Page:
A full contingent of 5 new releases from the last week or so – enjoy…


Cadaveric Fumes – Dimensions Obscure (Blood Harvest)

I’ll admit that most new death metal leaves me somewhat cold, a lot of posturizing, a lot of technical prowess, a lot of following the format. Or as the old poet said “much ado about nothing”.

French (relative) newcomers Cadaveric Fumes have caught my attention though, with an EP’s worth of freshness, daring to go outside the beaten path blending obvious 80’s and 90’s influences (including Voivod as far as I can hear) with the best of the new breed of blackened death, creating an experience that’s both varied, heavy, brutal and challenging.

On top of this, they don’t shy away from being rhythmically inventive, blending in rhytmic patterns that would mostly be found in for instance punk or post-punk.

A refreshing affair, that makes Cadaveric Fumes one of the bands I’ll look forward to hearing from again.


Unraze / Hyrrokkin – Suburban Bars / Golden Square [split] (New Atlantis Records)

Split 7″ by 2 bands of the post-hardcore crowd. Both of them rhythmically challenging, with perhaps Hyrrokkin being the most interesting of the two, showing some jazz/prog elements.


Germ – Escape (Prophecy)

Germ is the artistical outlet for Tim Yatras, and it’s based in the contemporary (for lack of a better term) wave of black metal, with emphasis on emotional outlet, catharsis, while drawing inspiration from both shoegaze, postmetal, noiserock etc.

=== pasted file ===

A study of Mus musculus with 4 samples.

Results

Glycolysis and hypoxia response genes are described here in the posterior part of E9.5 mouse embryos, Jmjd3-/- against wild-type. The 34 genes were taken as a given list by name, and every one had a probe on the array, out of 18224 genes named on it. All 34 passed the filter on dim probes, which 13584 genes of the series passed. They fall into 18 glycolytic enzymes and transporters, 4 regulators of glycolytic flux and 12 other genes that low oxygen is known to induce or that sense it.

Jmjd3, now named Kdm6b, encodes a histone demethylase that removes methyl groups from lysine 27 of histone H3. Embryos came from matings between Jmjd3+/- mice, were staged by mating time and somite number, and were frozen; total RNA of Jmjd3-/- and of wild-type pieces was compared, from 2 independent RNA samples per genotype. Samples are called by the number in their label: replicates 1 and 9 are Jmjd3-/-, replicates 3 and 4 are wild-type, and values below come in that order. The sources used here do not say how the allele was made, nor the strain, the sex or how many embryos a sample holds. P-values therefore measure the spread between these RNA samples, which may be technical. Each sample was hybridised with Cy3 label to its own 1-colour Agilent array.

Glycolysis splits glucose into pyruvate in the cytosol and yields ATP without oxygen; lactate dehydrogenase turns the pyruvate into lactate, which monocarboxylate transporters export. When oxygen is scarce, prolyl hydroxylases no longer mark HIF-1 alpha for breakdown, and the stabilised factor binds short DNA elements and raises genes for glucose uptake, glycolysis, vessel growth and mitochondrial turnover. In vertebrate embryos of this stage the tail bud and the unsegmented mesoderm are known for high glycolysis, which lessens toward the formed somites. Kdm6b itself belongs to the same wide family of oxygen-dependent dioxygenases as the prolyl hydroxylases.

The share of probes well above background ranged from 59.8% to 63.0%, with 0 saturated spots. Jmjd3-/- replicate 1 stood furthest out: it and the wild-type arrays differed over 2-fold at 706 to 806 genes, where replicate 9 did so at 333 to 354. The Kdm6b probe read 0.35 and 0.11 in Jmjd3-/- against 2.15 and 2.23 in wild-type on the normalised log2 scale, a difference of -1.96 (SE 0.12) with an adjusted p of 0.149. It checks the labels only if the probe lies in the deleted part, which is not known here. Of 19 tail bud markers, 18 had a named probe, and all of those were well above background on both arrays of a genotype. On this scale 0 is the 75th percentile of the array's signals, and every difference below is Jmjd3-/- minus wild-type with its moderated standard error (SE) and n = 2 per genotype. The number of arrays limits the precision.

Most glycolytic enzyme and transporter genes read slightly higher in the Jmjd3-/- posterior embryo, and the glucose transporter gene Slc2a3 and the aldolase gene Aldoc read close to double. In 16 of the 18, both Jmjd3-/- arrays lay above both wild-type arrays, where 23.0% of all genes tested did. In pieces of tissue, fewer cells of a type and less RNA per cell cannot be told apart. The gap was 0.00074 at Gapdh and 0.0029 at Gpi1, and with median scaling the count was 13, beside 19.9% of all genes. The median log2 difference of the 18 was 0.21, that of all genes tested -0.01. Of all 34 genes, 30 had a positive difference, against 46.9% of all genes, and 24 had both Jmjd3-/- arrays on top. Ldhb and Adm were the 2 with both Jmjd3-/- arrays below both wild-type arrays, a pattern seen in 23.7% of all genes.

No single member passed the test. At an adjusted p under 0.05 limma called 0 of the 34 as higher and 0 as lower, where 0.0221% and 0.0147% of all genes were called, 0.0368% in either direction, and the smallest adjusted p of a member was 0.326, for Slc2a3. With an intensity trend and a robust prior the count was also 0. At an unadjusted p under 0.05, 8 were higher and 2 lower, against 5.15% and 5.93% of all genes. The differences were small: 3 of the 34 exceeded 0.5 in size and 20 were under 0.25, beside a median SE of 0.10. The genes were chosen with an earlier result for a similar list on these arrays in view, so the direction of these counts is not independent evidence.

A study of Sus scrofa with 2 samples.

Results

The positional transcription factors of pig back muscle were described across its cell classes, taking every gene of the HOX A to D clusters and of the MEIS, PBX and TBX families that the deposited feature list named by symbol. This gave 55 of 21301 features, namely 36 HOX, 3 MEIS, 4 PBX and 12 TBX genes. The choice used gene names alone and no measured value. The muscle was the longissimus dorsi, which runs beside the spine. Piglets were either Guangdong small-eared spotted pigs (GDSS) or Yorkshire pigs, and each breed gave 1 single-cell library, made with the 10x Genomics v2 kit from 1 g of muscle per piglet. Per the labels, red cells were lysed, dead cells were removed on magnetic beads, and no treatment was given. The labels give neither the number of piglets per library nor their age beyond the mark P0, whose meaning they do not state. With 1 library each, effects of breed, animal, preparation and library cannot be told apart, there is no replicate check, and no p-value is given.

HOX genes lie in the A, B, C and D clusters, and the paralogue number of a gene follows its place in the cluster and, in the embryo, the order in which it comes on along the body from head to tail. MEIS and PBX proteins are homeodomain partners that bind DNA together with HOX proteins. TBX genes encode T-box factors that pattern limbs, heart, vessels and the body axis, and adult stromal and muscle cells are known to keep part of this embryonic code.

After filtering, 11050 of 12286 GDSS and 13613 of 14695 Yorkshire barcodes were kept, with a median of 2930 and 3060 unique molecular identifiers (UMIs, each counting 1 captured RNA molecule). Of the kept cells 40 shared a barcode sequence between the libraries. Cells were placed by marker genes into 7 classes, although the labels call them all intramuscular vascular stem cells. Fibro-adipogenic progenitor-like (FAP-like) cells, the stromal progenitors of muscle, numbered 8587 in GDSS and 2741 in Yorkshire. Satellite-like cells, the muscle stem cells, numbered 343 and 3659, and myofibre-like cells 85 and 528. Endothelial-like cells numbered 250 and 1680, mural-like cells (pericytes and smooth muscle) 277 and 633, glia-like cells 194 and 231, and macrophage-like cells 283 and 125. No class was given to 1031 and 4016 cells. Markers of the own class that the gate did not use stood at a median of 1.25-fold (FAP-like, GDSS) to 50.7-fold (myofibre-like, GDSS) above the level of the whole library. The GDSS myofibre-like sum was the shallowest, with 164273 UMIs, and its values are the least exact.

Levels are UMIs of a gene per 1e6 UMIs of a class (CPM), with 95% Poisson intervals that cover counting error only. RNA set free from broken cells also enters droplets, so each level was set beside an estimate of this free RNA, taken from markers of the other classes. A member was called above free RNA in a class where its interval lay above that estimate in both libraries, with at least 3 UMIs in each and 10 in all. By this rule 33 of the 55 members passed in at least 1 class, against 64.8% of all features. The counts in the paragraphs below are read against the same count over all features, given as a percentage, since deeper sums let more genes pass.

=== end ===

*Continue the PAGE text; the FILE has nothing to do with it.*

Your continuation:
It’s easy to become emotionally attached to this new album that’s wearing both big soaring emotions and big soaring musical landscapes on its sleeve – and as Yatras, (according to the promo-text on Bandcamp) might have somewhat succeeded in tackling wrecking problems through his music, it also gives the listener enough sonically diverse input to start on an internal journey towards both greater understanding (through the more aestetically pleasing parts) and for railing against the world and the absurd inner workings of humanity.


RM Hubbert – Telling The Trees (Chemikal Underground Records)

With a collection of intricate, enticing, interesting and carefully crafted pop-songs, RM Hubbert avoids the trend of dumbing down and the general unwillingness to confront and challenge the listener.

And with the choice of collaborating with different singers each song gets a quite distinct vocal texture. A great antidote for modern consumer-pop.


Head Of The Demon – Sathanas Trismegistos (Invictus)

Playing a slow, undulating, elaborately constructed dirge-like blend of black-tinged stoner-doom with psychedelic aspirations, Head Of The Demon delivers an eminently listenable collection of songs that are a good mix of something old, something new, something borrowed, something black.

Perhaps not for everyone, but fans of the genre (and for instance also of Cirith Ungol and like bands) will find plenty to like – at least I did.